Reader comment on item: How to End Terrorism:

Submitted by Jeff (United States), Dec 18, 2006 at 21:28

Why don't we use the one best weapon we have? I'm referring to the oil weapon. What's that you say, I thought the Arabs and the Iranians had the oil weapon. Didn't they use it in 1973? Yes, because we let them. But the stick has two ends. If we don't buy their oil, it becomes our weapon.

Without oil sales, the Saudis could no longer fund Al Queda or the insurrection in Iraq. Without oil sales, the Saudis coiuld no longer build their schools of hate throughout the Muslim world, the USA, Canada and Europe.

Without oil sales, Iran could no longer finance its atomic weapons program, Hezbollah, or the insurrection in Iraq.

Meanwhile, we go along thinking we can defeat an enemy in Iraq that enjoys unlimited funding and weapons from the folks who sell us oil.

I'm sure the Saudis were very frightened that after September 11, we might finally get serious about energy independence to cut off terrorist funding. It didn't take long for them to see they had nothing to fear from our president, who later strolled hand-in-hand at the ranch with the Saudi king.

I wonder how it would have been if Harry Truman or John Kennedy had been president on September 11. Imagine if we had a president who, after September 11, had said something like this:

1. I will enable our Coast Guard to really guard our coasts.

2. I will enable our Border Patrol to really patrol our borders.

3. And by the end of my term, the United States will import almost no foreign oil. The country that put a man on the moon, gave us polio vaccines, and split the atom can and will accomplish this task. We will work toward, and succeed in meeting our own energy needs, through domestic and alternative sources, and imports from a short list of friends, such as Canada. Also, I have invited our friends, India and Japan, to join us in an organization of oil importing countries.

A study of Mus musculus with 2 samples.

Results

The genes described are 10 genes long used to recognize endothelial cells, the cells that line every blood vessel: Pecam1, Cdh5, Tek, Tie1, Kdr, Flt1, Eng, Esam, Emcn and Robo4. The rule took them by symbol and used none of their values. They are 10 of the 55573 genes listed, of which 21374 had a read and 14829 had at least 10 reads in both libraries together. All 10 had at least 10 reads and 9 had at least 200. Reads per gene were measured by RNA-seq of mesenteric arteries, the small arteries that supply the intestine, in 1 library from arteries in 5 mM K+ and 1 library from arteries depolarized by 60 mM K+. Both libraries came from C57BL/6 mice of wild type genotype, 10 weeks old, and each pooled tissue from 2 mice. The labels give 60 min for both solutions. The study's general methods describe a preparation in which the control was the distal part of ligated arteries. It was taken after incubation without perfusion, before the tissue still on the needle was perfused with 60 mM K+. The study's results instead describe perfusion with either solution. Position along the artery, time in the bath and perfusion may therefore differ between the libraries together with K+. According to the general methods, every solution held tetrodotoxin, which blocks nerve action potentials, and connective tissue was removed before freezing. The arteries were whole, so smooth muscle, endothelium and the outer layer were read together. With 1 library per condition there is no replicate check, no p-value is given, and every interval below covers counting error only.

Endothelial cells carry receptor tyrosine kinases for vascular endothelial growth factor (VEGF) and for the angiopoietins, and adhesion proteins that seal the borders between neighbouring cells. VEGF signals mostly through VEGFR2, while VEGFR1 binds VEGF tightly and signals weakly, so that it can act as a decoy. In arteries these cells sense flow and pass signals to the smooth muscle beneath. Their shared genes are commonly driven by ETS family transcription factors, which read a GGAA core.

Together we will create a brain trust and the projects that will bring us all to energy independence. Yes, this will require cooperation and sacrifice from every American. Each of us must use less oil-based energy in the near term. This ongoing project will starve the terrorists of their funding and allow us to conduct a foreign policy based on our own self-interest and our own morality, and not international bribery. The effort will be ongoing, and will need each of us. It's not an effort for sprinters; we will be long distance runners.

Had that been said then,

What do you suppose the price of a barrel of oil would be now?

How many rockets would Hezbollah have today?

How would Iran's nuclear weapons program be going today?

How would Al Queda finance any large-scale attacks today?

What would our balance of trade look like today?

What would the dollar be worth today, vs. other currencies?

And how would Mr. Chavez blow his tin horn? What does he have besides oil money?

OK, a pleasant dream, given the imagination and leadership capabilities of our current president.

But maybe, just maybe, two years from now won't be too late. All of us should make it clear to anyone who wants to be our next president: we're not suicidal. We want to stop funding Islamic imperialism, terrorism, hate and mass murder. We want to use the oil weapon. We want to be energy independent.

So let's stop "stealing Arab resources" at 60-70 dollars a barrel (for 5 dollar barrels of oil). They can keep their resources. We get to keep our lives.